The debut album from The Dillinger Escape Plan, 1999’s Calculating Infinity, was a mathcore masterclass in aggression and technical experimentation that changed the face of heavy music. Brutal, breakneck and utterly unique, its progressive fury spewed out equal measures of brains and bile with animalistic fervour.
The third track from the record, Jim Fear, was typically uncompromising, a bloodied nose of a song that howled into the void and gave the hardcore scene reason to stop whatever it was doing and make this band their new figureheads. But its inception goes all the way back to guitarist Ben Weinman’s childhood, when a chance encounter with a troubled soul set him on the path to artistic independence…
What was the story behind Jim Fear?
Ben Weinman: “In the earlier days of the band I wrote a lot of the lyrics, I was very hands-on with every aspect of the band even more than I am today. So everything about this band was an opportunity for me to vent things and express myself in a way that I wouldn’t otherwise be able to. Jim Fear was written about the road I went to school on, it’s called Jim Fear Road. That was a place that was really pivotal in me becoming who I am because it was that place where I first started socialising with kids and realising that I was different. I really didn’t fall in line, not only with the curriculum that was being forced on us in school, but also the way that people thought. And I remember very vividly being a really young kid on that street, in the playground, and someone who had escaped from the insane asylum in town [Morris Plains, New Jersey] called Greystone was running around screaming and talking about being in Vietnam. He was running in front of cars, saying, ‘Hit me, I don’t care! I’ve seen things!’. And I just remember staring at this guy, and he ended up going over and talking to me actually. And I remember realising that the world is such a bigger place than that little neighbourhood and that little street. It happened when I was in first grade, so I was little.”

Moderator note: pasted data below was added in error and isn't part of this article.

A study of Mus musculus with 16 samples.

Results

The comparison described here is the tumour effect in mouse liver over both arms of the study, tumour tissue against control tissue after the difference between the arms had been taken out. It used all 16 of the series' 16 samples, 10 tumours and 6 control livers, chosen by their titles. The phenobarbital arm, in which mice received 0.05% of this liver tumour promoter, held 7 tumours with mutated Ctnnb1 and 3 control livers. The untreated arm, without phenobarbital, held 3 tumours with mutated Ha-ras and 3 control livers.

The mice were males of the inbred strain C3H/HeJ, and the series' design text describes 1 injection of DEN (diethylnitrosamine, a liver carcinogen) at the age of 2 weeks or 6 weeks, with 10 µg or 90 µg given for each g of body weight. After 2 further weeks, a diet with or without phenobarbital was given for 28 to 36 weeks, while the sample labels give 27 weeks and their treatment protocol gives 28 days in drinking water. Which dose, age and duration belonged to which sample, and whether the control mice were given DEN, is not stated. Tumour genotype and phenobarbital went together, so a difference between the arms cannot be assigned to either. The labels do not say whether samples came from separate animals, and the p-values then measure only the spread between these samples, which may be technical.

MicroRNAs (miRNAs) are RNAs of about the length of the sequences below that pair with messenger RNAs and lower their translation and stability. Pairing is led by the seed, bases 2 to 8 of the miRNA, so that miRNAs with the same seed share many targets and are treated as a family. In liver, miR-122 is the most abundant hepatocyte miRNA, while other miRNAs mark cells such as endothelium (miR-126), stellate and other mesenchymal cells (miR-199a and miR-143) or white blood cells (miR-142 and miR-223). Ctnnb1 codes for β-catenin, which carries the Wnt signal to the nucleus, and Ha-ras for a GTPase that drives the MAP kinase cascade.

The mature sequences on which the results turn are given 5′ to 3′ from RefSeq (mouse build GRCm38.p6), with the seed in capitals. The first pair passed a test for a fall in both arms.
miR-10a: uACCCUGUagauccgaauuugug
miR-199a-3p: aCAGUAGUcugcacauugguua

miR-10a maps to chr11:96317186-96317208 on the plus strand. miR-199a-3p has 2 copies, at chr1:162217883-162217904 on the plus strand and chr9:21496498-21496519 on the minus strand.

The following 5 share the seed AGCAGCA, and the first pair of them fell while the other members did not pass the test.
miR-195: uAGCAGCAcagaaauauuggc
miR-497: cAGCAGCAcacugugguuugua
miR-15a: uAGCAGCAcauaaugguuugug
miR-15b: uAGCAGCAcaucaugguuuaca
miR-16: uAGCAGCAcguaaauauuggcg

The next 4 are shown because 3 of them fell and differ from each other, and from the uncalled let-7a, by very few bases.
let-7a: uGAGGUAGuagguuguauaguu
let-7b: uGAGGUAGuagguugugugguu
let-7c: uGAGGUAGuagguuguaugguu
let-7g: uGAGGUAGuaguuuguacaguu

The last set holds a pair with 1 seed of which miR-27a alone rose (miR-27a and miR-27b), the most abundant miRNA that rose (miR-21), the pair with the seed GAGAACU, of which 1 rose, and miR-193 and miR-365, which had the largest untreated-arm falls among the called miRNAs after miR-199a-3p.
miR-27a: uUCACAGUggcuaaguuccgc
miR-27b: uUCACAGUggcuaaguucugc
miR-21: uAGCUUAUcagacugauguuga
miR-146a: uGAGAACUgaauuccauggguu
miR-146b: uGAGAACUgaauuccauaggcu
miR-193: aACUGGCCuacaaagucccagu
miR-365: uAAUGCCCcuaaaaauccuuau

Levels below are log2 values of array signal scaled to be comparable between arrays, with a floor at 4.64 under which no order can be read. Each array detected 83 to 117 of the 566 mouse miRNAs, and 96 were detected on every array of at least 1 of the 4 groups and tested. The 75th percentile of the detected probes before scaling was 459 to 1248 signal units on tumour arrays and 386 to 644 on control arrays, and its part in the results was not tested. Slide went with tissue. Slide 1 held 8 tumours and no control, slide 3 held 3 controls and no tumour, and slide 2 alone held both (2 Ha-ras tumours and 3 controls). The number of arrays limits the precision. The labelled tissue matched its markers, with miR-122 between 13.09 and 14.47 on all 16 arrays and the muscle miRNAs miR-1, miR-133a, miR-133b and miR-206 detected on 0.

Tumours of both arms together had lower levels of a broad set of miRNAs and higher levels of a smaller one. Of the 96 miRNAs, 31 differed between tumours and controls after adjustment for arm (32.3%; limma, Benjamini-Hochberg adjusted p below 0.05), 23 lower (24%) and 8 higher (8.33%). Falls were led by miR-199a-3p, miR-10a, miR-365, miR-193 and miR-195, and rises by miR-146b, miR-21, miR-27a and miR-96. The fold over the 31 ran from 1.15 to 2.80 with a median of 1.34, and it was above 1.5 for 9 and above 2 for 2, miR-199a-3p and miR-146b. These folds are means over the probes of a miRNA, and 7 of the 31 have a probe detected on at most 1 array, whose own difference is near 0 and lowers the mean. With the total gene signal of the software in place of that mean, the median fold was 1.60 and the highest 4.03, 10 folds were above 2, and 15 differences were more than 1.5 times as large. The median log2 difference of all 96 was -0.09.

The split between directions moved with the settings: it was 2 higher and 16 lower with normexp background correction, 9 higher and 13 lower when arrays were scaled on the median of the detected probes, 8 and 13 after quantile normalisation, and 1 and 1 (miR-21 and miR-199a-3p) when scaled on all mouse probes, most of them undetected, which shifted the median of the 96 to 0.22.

What’s it like looking back on that day?
BW: “I didn’t feel scared. I didn’t feel anything except for realising that literally there was a world out there, and there were things that have happened and that are going on that are bigger than toys and my back yard, and that I wanted to experience it. It definitely had a profound effect on me.”
How much of that event went into the song?
BW: “I don’t think the song literally talks about any of those things, but it definitely is inspired by some of the uglier side of things that I saw. Not only that day, but I didn’t have a good experience at school, so I think it’s more that I sensed an opportunity that I had to express myself and invent things that most people don’t have. And I really appreciate it, and I think about that and it reminds me not to take this opportunity that I’ve had to be in this band for granted.”
BW: “I was always different from [other] kids. I thought differently. What the teachers called daydreaming, or ‘being out to lunch’ was me just being creative and thinking about all kinds of deep things that weren’t necessarily typical math problems or things that people equated to intelligence. It didn’t help my self esteem very much, for people to be constantly telling me that the way I did things or thought was wrong. I was also the only Jewish kid in my whole town, so nobody there knew what that was, they thought I was some weirdo or that it was some cult or something. It was weird, because later on, being so close to New York and being in the entertainment industry, there’s tons of Jews! Every lawyer and accountant I’ve ever had! But it was definitely a lot of closed-minded people, not only being in a suburban neighbourhood where everyone just fit into the norms of society, but also having those differences from other people.”
Is it true that you and a photographer broke into the old asylum to take photos?
“Yeah, it was crazy because that asylum was a historic thing, and they just knocked it down recently. It was built in the 1800s, and until the Pentagon was built it was the biggest building in the United States. It had a massive amount of tunnels under it. It was one of those places where they did experiments and electric shock therapy, there was so much creepy history in that place, and I’d always wanted to go in there and see it. So we went in there to get this photo-shoot. It was the scariest fuckin’ place I have ever seen in my life. Hands down. There is no movie set from a horror movie that is close to this place, it was creepy as shit. In the basement there were still weird old wheelchairs and beds with straps on them. There were dark tunnels that you could never see to the end. There was still a full church in there with stained glass windows, and files of patients still there on the floor, old charts where you’d see babies that were born with deformities. You couldn’t create a more chilling, weird setting.”